Stripping And Searching: There Are Limits To The Scope Of Police Authority To Search Your Person Before Judicial Intervention Is Required.
People v. Hall
10 N.Y.3d 303
New York Court Of Appeals
Decided on March 25, 2008
Police Search Of Your Body: A Warrant Is Required For Police To Invade A Body Cavity.
Summary: Police observed a hand-to-hand drug transaction and arrested Defendant. At the station, Police ordered Defendant to remove his clothing and saw a string hanging from his rectum, pulled it, and it revealed a plastic bag containing crack cocaine. Defendant was indicted for a criminal possession of a controlled substance in the third and fifth degree. Prior to trial, Defendant moved to suppress the evidence obtained from his body cavity. The court granted his motion and the prosecution appealed. The Court of Appeals held that there were no exigent circumstances supporting the warrantless intrusion into the Defendant’s body. The removal of the object without obtaining a warrant violated the Fourth Amendment’s protection against unreasonable searches and seizures.
Issue: Whether Police can preform a visual body inspection followed by a body cavity search without first obtaining a warrant.
Holding: The Court held that a lawful arrest alone does not justify Police intrusion into a person’s body cavity. There must be a clear indication that evidence will be found inside an arrestee’s body cavity and a search warrant authorizing the seizure of evidence must be obtained, unless and emergency situation exists. The Police must have a specific, articulable factual basis supporting a reasonable suspicion to believe an arrestee secreted evidence inside a body cavity and a warrant must be obtained before conducting a manual body search.
Facts: Police observed Defendant in a hand-to-hand drug exchange and took Defendant into custody. They ordered Defendant to remove his clothing, bend over and squat, at which point observed a string hanging out of Defendant’s rectum. They pulled the string and revealed a plastic bag containing crack cocaine. Defendant was subsequently charged with criminal possession of a controlled substance in the third a fifth degree. Prior to trial, he moved to suppress the drugs taken from his body claiming that the Police were required to obtain a warrant before examining his body cavity. The Court granted his motion and the prosecution appealed.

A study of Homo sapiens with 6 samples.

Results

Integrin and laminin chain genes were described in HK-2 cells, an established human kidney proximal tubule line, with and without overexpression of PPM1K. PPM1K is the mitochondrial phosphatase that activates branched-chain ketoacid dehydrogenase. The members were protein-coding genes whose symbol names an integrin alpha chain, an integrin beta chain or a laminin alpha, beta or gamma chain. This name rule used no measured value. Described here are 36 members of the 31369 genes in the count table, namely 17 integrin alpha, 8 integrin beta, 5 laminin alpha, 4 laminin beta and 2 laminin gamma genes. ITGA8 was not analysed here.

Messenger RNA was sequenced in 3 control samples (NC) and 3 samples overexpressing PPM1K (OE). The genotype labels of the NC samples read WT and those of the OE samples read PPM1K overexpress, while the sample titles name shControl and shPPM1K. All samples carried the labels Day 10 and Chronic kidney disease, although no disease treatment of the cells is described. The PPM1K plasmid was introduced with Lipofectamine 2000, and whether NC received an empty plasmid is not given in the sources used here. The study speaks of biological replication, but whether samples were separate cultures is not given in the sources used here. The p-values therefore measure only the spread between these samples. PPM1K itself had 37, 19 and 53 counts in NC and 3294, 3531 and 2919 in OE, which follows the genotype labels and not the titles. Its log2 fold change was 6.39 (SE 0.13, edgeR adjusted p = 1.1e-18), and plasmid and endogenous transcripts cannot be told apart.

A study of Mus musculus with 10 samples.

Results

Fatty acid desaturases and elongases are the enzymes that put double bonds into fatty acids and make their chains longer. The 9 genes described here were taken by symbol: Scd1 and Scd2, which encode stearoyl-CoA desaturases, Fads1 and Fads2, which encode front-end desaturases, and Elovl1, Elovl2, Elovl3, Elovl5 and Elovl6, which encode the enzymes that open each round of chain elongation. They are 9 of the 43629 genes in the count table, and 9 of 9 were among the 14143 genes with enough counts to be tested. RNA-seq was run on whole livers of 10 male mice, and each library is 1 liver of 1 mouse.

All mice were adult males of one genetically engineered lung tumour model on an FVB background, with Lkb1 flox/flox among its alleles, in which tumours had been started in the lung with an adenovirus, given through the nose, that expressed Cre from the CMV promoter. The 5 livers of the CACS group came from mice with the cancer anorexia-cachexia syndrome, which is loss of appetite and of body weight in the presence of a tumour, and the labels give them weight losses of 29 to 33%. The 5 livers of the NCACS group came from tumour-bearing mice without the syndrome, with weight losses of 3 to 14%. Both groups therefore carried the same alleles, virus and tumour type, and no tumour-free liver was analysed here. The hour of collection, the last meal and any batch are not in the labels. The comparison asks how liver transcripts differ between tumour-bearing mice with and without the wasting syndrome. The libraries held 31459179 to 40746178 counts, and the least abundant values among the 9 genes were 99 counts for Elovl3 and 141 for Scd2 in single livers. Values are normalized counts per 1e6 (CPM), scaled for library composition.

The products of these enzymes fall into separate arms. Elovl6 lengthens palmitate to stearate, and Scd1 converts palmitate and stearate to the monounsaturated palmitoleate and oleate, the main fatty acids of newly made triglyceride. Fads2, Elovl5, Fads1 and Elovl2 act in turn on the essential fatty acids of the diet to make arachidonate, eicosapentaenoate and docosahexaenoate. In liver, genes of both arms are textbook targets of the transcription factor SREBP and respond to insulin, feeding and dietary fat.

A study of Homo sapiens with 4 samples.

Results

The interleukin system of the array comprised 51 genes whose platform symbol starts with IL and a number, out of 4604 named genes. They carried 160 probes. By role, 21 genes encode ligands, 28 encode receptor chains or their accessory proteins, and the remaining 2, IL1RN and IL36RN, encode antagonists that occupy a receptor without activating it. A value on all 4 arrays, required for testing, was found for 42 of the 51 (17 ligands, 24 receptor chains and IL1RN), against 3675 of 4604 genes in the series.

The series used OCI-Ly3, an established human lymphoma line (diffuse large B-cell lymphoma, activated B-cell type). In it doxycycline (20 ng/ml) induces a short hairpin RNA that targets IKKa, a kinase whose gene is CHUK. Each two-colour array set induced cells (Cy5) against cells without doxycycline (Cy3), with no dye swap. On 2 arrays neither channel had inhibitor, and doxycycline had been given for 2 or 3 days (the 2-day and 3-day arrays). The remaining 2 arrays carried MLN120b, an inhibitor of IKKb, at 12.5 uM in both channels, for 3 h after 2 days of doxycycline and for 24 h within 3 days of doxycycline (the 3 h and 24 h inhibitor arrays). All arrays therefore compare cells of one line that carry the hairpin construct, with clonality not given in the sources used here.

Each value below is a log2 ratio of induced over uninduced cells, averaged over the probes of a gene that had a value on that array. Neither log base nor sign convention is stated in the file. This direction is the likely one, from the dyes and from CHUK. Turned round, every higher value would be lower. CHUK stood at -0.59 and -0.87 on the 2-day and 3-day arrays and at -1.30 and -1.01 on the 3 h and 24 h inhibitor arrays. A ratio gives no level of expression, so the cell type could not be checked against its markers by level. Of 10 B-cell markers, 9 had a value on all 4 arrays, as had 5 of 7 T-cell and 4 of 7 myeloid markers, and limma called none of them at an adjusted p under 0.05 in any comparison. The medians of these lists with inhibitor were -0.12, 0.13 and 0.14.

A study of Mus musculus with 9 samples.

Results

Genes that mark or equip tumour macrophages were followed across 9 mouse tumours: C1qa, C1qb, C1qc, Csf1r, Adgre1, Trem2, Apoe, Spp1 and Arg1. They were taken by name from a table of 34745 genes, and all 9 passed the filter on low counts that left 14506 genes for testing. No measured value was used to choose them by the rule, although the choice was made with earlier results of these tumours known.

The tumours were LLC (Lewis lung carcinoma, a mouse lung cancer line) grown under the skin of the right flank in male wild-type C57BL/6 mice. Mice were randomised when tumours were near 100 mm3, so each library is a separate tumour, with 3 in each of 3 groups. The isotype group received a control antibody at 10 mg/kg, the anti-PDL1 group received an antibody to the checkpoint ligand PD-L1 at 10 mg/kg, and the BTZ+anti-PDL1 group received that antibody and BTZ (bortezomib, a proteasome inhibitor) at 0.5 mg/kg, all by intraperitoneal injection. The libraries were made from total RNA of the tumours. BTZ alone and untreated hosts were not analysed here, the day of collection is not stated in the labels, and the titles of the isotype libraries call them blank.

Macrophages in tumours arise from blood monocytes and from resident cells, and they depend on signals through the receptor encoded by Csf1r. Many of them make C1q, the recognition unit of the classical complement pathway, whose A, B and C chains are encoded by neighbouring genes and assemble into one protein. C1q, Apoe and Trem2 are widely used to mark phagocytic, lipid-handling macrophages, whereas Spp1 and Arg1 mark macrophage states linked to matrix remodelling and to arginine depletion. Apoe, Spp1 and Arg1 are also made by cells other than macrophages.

Legal Analysis: The decision examining the Constitutional dimensions of searches that involve Police intrusion into a person’s body is Schmerber v. California, 384 U.S. 757 S.Ct. 1826, 16 L.Ed.2d. 908. There are three types of bodily examinations: A strip search, a visual body inspection and a manual body cavity search. A strip search requires the arrestee to disrobe so that the Police can visually inspect the body. A visual body cavity inspection occurs when the Police look at the arrestee’s anal or genital cavities. A manual body cavity search includes some degree of touching that causes physical intrusion beyond the body’s surface.
The removal of an object protruding from a body cavity cannot be accomplished without a warrant, unless exigent circumstances reasonably prevent the Police from seeking authorization. The Court held that the lack of exigent circumstances supporting the warrantless intrusion into the Defendant’s body, and the removal of the object from the Defendant’s rectum without obtaining a warrant was in violation of the Fourth Amendment Right against unreasonable searches and seizures.
The Police had no specific, articulable, factual basis supporting a reasonable suspicion to believe the Defendant secreted evidence inside his body cavity. The Court stated that when Police saw a string hanging out of Defendant’s rectum, the evidence was not at risk of being destroyed, and therefore, the Police violated the Fourth Amendment and the evidence was inadmissible.